Volume 99 | Number 1 | January-February 2011
A review of The Evolution of Childhood: Relationships, Emotion, Mind, by Melvin Konner. Konner's new, nearly encyclopedic book is masterfully written, says Lamb
A review of Mosquito Empires: Ecology and War in the Greater Caribbean, 1620–1914, by J. R. McNeill. McNeill demonstrates that differential immunity to mosquito-borne diseases such as yellow fever and malaria played an important role in the military and political history of the Greater Caribbean
A review of Atomic Obsession: Nuclear Alarmism From Hiroshima to al-Qaeda, by John Mueller. Readers of all political persuasions will find things to be annoyed at in Mueller’s argument that both the dangers and the importance of nuclear weapons have been exaggerated
A review of The Hadza: Hunter-Gatherers of Tanzania, by Frank W. Marlowe, and Life Histories of the Dobe !Kung: Food, Fatness, and Well-Being Over the Life-Span, by Nancy Howell. These superb books tell us much about what it is like to live by foraging for wild food on an open plain in a warm climate
A review of Sacrifice Zones: The Front Lines of Toxic Chemical Exposure in the United States, by Steve Lerner. Lerner describes 12 communities whose residents, plagued by pollution from some of the most environmentally hazardous sites and facilities in the United States, are fighting for their right to a clean and healthy environment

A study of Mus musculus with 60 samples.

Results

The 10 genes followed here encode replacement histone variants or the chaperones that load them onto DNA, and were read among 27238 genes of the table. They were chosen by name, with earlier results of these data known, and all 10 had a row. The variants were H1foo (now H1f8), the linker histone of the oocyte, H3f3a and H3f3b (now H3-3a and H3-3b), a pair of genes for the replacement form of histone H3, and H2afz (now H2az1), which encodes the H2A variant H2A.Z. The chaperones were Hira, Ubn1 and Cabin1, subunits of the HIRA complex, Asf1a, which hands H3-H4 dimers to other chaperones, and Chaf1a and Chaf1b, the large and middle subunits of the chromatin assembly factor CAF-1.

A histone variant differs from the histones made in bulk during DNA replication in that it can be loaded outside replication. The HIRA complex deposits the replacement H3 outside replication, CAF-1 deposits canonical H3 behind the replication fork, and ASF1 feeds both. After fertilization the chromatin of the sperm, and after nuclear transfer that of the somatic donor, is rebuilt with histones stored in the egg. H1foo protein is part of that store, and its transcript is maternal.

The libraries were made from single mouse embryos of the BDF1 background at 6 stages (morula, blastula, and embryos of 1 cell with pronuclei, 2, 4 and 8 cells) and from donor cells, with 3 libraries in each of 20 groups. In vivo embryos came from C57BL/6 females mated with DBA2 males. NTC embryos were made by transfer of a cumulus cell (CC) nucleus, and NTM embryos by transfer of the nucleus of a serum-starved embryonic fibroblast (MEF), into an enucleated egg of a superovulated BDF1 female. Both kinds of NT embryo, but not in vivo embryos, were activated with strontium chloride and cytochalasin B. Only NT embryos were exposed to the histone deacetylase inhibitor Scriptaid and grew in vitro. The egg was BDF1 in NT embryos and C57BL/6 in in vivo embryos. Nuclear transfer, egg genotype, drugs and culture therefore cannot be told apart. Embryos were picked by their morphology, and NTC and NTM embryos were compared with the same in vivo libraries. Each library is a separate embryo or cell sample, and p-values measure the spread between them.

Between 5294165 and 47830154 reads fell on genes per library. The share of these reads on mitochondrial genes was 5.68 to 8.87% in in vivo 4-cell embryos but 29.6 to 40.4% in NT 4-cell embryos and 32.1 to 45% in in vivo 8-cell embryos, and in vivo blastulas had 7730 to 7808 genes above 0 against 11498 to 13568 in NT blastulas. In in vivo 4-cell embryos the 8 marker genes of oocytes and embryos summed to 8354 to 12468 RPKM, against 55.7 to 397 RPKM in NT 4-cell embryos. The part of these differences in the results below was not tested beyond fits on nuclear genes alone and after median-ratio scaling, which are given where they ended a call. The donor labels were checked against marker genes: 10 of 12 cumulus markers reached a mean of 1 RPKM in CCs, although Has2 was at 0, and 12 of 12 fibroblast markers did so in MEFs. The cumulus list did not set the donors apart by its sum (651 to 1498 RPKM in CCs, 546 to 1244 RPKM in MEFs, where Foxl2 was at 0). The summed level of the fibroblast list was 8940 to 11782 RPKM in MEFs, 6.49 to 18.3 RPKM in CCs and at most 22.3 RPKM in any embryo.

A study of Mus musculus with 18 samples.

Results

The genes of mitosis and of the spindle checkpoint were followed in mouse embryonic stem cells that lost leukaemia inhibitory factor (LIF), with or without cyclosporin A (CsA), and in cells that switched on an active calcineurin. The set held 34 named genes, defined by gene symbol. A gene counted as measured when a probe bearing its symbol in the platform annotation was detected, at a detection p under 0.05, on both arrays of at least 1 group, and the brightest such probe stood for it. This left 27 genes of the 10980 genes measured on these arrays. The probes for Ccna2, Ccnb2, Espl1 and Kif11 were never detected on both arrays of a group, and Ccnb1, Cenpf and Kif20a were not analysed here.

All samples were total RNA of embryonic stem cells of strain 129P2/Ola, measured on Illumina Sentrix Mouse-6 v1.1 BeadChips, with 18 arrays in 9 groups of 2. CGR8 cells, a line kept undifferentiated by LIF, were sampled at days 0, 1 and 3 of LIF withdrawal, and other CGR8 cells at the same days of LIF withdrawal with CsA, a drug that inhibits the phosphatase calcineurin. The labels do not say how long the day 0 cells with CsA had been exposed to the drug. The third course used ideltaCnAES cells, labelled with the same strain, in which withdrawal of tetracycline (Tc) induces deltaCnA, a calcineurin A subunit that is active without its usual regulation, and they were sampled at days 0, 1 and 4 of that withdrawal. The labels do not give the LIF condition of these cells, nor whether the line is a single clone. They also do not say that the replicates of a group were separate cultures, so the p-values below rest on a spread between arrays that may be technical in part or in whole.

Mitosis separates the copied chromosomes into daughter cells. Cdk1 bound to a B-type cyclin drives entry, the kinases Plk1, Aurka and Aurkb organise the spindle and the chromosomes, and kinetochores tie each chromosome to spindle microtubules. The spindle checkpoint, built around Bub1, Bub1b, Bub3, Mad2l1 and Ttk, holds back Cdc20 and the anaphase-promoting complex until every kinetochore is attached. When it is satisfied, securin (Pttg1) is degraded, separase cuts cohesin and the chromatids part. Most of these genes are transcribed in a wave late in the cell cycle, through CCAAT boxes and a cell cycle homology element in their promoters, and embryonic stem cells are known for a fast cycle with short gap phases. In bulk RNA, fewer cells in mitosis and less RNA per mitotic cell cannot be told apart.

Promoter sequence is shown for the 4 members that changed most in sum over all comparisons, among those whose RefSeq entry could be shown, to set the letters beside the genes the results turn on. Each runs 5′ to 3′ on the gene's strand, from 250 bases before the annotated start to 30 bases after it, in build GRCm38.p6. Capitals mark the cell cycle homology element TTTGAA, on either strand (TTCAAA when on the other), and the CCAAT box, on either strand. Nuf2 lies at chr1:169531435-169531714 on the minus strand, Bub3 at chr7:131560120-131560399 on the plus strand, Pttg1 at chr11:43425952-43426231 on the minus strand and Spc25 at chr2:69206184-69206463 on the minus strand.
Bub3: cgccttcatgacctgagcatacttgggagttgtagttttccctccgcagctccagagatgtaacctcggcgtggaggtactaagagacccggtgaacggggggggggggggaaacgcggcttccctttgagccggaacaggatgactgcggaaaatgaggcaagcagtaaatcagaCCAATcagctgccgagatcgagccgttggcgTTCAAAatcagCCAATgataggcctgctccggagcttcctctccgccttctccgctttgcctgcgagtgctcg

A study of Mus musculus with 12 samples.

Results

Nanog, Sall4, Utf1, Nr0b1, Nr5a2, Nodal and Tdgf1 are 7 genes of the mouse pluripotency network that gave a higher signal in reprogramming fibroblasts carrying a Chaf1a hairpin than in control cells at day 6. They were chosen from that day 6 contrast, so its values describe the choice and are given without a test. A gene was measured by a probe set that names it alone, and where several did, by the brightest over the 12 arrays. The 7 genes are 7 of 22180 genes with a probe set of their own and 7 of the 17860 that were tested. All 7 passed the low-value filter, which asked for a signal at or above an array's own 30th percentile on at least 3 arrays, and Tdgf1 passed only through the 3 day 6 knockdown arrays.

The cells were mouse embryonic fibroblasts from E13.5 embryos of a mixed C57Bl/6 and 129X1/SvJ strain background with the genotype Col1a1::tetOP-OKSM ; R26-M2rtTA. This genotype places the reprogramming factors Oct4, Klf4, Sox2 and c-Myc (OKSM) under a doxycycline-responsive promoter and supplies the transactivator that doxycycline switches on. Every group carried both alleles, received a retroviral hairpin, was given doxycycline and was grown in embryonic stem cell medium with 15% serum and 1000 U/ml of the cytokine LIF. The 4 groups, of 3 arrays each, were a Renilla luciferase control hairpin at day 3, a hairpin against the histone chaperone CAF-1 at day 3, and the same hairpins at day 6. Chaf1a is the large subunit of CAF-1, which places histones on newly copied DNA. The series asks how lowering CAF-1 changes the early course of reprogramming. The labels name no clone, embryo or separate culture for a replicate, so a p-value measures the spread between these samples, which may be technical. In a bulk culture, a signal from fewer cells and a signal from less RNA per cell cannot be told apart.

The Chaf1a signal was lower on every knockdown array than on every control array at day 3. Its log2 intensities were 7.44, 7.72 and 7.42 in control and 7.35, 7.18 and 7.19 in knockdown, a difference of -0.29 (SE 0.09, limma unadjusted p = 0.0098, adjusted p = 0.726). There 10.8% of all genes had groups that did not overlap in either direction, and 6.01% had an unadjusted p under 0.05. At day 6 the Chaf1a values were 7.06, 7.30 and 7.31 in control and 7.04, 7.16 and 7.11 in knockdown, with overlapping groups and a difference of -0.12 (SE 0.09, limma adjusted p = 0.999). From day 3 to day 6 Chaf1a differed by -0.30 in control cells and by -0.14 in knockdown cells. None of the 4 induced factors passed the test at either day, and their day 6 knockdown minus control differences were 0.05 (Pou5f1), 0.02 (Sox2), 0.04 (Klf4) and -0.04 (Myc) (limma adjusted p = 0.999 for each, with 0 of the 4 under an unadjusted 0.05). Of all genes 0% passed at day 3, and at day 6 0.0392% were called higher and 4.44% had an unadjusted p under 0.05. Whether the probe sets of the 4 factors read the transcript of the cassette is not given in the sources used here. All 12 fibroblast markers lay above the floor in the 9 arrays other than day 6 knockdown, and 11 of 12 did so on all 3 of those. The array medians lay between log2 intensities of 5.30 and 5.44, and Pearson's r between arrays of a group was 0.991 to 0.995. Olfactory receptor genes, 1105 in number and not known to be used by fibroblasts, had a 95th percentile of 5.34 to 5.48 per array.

A review of The Cybernetic Brain: Sketches of Another Future, by Andrew Pickering. Pickering has deeply engaging stories to tell about the lives and work of six men who were key members of the British cybernetics community
A review of Climatopolis: How Our Cities Will Thrive in the Hotter Future, by Matthew E. Kahn. Kahn is confident that market forces, human ingenuity and economic growth will support adaptation to climate change and has little use for the idea that government could have a constructive role to play
A review of Dance of the Photons: From Einstein to Quantum Teleportation, by Anton Zeilinger. In a tour de force of exposition, Zeilinger explains with verve and charm how quantum effects are made visible and measurable in experiments
A review of Seeking Refuge: Birds and Landscapes of the Pacific Flyway, by Robert M. Wilson. Wilson recounts the history of governmental efforts to provide wetlands where birds can sojourn during migration
A review of Escape from the Ivory Tower: A Guide to Making Your Science Matter, by Nancy Baron, and Explaining Research: How to Reach Key Audiences to Advance Your Work,
by Dennis Meredith. Baron and Meredith offer tips for scientists
wanting to improve their ability to explain and promote their research
Total Records : 12
The Hydrangea macrophylla (big-leafed hydrangea) plant is the only known plant that can 'detect' the pH level in surrounding soil!
One of the world’s most popular ornamental flowers, it conceals a bouquet of biological and biochemical surprises. The iconic “snowball” shaped hydrangea blooms are a common staple of backyard gardens.
Hydrangea colors ultimately depend on the availability of aluminum ions(Al3+) within the soil.